The FAA’s recent rule prohibiting the personal use of electronic devices in the cockpit applies only to Part 121 carriers, although the NTSB would like to see the rule extended to cover Part 135 and Part 91K operators. AIN recently surveyed readers for their insights about the distractions that challenge them–and the answers were surprising. We received 112 responses to our four questions. While the informal survey yielded a relatively small number of responses, the answers pilots gave about their experiences with distractions are illuminating.
Sterile Cockpit Rule
The FAA issued a final rule, effective April 14, that prohibits airline pilots from using personal electronic devices (PEDs) while flying. This rule is a result of the FAA Modernization and Reform Act of 2012.
The recent FAA rule on cockpit use of personal electronic devices applies only to Part 121 carriers, although the NTSB would like to see the rule extended to cover Part 135 and Part 91K operators. AIN recently surveyed readers for insight into the distractions that challenge them and received 112 responses to our four questions. Nearly 70 percent of respondents told us cockpit and or cabin distractions are definitely an issue.
Within Six Months
March 13, 2013:
Air Carrier Contract
The NTSB laid the primary blame on the pilots of Colgan Air Flight 3407 for the crash on February 12 last year that killed 50 people and perhaps more unflattering comparisons between the respective safety standards that prevail at regional airlines and their mainline counterparts.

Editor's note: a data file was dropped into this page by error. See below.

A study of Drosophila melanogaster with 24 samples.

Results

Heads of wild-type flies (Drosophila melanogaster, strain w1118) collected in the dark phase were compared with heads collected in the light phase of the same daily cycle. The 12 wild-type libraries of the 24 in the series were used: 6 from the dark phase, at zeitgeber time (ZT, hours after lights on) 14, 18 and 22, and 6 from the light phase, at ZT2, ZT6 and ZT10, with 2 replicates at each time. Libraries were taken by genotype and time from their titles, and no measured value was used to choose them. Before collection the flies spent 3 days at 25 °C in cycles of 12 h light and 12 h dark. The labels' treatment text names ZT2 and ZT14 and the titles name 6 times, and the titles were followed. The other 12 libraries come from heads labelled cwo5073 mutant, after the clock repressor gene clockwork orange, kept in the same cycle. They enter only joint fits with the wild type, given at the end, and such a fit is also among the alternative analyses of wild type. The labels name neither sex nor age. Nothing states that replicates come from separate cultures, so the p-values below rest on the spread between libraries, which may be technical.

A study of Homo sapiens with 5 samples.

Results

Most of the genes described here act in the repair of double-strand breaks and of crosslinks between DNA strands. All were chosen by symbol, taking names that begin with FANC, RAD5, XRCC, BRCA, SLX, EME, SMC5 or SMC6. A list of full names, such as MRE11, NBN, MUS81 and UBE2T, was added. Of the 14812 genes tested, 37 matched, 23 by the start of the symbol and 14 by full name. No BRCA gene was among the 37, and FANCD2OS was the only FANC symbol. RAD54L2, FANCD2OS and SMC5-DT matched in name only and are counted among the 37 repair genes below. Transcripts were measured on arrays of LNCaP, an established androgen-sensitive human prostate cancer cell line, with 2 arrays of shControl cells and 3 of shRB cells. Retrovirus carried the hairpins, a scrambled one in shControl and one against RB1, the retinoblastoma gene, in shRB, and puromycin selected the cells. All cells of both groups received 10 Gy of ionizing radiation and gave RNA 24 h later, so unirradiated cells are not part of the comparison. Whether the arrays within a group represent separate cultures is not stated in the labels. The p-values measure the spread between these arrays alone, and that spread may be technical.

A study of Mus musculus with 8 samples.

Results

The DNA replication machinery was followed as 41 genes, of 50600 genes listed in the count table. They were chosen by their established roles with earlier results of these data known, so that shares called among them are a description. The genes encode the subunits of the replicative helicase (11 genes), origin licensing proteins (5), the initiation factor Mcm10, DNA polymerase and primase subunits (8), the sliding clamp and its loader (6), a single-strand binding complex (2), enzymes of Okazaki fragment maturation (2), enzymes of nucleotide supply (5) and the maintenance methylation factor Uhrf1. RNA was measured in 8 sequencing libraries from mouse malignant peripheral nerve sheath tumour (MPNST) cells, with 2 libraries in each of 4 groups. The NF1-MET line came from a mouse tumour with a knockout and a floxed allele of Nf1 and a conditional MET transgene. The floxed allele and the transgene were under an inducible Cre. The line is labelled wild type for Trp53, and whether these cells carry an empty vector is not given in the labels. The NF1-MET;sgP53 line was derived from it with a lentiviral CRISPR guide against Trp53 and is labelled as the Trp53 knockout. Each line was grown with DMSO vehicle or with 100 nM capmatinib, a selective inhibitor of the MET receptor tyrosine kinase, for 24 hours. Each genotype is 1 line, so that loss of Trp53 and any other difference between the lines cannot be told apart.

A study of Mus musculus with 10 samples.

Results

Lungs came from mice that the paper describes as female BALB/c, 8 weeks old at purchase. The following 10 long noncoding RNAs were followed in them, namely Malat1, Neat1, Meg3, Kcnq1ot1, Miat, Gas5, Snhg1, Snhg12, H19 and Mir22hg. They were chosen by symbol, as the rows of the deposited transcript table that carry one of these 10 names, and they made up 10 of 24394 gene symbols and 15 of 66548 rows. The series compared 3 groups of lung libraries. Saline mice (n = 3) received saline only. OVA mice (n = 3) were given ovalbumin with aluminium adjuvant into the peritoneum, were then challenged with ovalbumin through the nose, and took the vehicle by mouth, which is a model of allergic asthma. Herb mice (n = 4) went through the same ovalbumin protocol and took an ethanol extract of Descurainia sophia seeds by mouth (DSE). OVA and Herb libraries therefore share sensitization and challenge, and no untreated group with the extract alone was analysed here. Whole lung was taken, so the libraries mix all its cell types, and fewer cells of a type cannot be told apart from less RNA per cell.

Two veteran American Airlines pilots, who in the words of the NTSB were “not having a good day,” nevertheless used “some exceptional stick-and-rudder skills” to get their crippled MD-82 safely back to Lambert-St. Louis International Airport (STL) after experiencing an in-flight engine fire during the airliner’s departure climb on Sept. 28, 2007.
Hawker Beechcraft 1900D, Page, Ariz., March 26, 2008–The NTSB concluded that the flight crew’s unprofessional behavior and deviation from standard operating procedures was the cause of the in-flight emergency when the aft cargo door came open and the crew had to return to Page Municipal Airport to land.
The NTSB last month issued its final report on the Oct. 19, 2004, crash of a Corporate Airlines Jetstream 32 at Kirksville, Mo.